The Vein Center of Northeast Ohio is using the most modern and advanced medical science technology and procedures to present the safest, most effective treatments available.


Varithena® (polidocanol injectable foam) is a prescription medicine used to treat varicose veins caused by problems with the great saphenous vein (GSV) and other related veins in the leg’s GSV system. Varithena® improves symptoms related to or caused by varicose veins, and the appearance of varicose veins.


VenaSeal is one non thermal treatment option for closing the vein with malfunctioning valves or causing reflux. The system delivers a small amount of a specially formulated medical adhesive called Cyanoacrylate to the diseased vein. The adhesive after polymerization permanently seals the vein and blood is rerouted through the healthy deep vein.


Formerly known as the VNUS® Closure procedure, this procedure is a very similar to Laser Ablation, in that a specialized catheter is threaded through the major vein causing varicosity. Using a special radio frequency generator, the catheter tip is heated similar to a microwave device. As the catheter is withdrawn in graduated segments, the affected vein is closed on a permanent basis. Recovery for this procedure is the same as that of the laser procedure.


Pioneered at Cornell University in New York, this revolutionary new treatment of larger varicose veins is well accepted by all specialists involved in the treatment of varicose veins. Endovenous Laser Ablation is an in-office procedure and  takes less than an hour to achieve the same results as a major surgical vein stripping. The major vein stripping has become an old-fashioned procedure and is not offered or recommended at the Vein Center.

Using ultrasound guidance and local anesthesia, the procedure is performed with a laser fiber inserted through a small puncture into the vein. As the fiber is slowly advanced to the desired area, it is gradually withdrawn, most often using an automatic withdrawal device. As the fiber is withdrawn, the vein shrinks and seals. In most cases, these veins are the root cause of smaller varicose veins, and there is very minimal pain or any associated scarring.

This procedure has a 98% success rate in most cases, and the entire process involves minimal pain. Recovery is faster and most daily activities can be resumed the following day. It does, however, involve wearing external compression stockings for a period of two weeks. Patients should also wait two to three weeks before resuming strenuous activities such as swimming and aerobic exercise.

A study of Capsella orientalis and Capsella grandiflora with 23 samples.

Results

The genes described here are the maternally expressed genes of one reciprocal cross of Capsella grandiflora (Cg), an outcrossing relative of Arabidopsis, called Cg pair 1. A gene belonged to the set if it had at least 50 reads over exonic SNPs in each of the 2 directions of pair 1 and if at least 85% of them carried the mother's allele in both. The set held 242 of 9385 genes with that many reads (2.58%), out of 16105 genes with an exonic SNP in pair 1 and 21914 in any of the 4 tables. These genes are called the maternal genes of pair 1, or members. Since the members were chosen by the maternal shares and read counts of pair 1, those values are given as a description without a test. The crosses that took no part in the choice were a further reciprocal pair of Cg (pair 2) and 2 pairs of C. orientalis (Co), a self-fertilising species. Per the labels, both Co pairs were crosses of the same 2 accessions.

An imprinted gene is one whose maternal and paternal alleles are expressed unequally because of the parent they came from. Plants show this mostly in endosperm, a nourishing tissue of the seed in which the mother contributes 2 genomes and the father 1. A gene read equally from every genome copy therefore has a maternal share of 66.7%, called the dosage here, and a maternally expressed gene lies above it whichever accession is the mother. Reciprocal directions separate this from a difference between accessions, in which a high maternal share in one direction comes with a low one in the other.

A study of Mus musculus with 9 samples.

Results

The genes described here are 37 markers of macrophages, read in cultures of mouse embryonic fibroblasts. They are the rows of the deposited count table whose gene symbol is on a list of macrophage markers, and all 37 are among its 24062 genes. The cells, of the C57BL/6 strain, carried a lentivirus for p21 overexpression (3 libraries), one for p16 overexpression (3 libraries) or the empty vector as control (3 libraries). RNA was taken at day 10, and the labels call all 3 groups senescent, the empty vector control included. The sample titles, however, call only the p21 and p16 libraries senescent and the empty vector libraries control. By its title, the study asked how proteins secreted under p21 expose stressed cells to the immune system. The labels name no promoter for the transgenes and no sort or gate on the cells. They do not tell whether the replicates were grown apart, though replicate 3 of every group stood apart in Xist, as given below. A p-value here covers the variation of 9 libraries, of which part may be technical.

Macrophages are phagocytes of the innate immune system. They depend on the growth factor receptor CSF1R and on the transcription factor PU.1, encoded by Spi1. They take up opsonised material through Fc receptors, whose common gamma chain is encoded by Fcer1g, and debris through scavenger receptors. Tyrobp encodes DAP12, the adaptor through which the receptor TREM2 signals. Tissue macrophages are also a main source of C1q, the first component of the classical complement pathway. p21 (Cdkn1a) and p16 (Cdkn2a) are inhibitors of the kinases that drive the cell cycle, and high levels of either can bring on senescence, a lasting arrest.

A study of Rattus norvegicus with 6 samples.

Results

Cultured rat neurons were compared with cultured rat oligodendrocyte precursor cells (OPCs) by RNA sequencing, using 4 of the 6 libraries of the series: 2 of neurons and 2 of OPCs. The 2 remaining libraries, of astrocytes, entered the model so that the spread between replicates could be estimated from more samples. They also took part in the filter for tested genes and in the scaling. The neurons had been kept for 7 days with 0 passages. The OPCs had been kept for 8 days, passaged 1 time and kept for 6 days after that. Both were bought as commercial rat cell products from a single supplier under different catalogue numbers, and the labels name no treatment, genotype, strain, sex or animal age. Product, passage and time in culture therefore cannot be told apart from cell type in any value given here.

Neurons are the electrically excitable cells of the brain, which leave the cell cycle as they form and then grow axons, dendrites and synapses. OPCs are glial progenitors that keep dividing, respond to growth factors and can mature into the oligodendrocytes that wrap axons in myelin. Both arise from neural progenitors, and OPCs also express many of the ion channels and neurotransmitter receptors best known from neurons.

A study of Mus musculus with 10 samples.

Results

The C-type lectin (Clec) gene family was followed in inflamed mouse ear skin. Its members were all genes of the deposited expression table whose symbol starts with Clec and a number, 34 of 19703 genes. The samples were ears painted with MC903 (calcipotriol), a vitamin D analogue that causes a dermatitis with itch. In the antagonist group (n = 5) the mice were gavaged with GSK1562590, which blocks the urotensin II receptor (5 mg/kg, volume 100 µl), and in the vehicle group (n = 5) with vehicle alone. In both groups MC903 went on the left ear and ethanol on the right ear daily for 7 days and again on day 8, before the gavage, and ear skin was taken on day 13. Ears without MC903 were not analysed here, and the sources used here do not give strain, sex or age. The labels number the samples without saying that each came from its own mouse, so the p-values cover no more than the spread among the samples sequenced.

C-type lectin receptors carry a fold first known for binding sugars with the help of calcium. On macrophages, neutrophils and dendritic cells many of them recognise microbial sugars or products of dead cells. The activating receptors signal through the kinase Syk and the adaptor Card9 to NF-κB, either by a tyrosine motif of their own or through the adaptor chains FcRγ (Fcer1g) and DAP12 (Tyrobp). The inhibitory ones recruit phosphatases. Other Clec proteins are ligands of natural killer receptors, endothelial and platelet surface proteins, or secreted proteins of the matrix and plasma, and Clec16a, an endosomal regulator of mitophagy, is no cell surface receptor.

This is the oldest form of treatment for small varicose veins, which remains one of the most common ailments patients present to the Vein Center of Northeast Ohio, Ltd. A detergent solution is injected gently into these veins, causing the veins to collapse and form adhesive clots which the body will absorb. Compression hoses are also advised following the treatment, to be worn for two days to two weeks, depending on the size of the veins treated. This procedure normally involves minimal discomfort and there are three types of sclerotherapy offered by the Vein Center today.

Visual Sclerotherapy. This is the most traditional form of sclerotherapy performed by the physician or a trained nurse, involving using a variety of solutions of different concentration being injected into the irregular veins under direct vision with magnification and elimination.

Ultrasound Guided Sclerotherapy. This form of sclerotherapy involves using a duplex scanner at the bedside, placing a needle into the vein involved, followed by injection of sclerosing agent.

Foam Sclerotherapy. While not truly a new technique for sclerotherapy, foam sclerotherapy involves injecting a foamed solution of Sotradecol or Polidocanol into the involved veins. This approach can be used with both traditional and ultrasound guided sclerotherapy, and is more effective and more convenient, requiring fewer needle injections with minimal skin effects.


This procedure is also considered a gold standard in the treatment of recurrent varicose veins after previous failed surgery or failed treatment. Ambulatory or avulsion phlebectomy involves removal and avulsion of the varicose vein through small incisions. There is no need for suturing and the procedure is associated with minimal post-operative pain or discomfort. Scarring is minimal and most often invisible to the naked eye.

Developed by a Swiss dermatologist, the principle behind this procedure is very simple. While you are on your feet, these veins are filled with blood, making them quite large. However, if you lie down and elevate your legs, the veins will empty and deflate, making them quite small. Using small instruments, ambulatory phlebectomy makes use of this property to make removal of these veins quite simple. Ambulatory phlebectomy can be performed under tumescent anesthesia. Patients are usually more comfortable and generally asleep with an orally administered sedation. Whenever any of the above procedures are performed, patients are encouraged to be active, to walk as much as possible, and resume their normal activities. Strenuous exercises, however, are avoided for a week or two.


The intense light source can also be used to treat left over spider veins or sunburst veins underneath the skin that are not covered by either endovenous laser surgery or phlebectomy. This is a safe procedure that involves cooling of the skin through which laser energy is used to shrink the collagen and elastin in the smaller blood vessels. This is also intended to rejuvenate the skin and will help reduce the signs of aging. This procedure is quick and easy and can often be performed in the office over a lunch break. This procedure is also called photo rejuvenation. Some of these procedures are generally not covered by insurance carriers, as patients are required to pay in advance.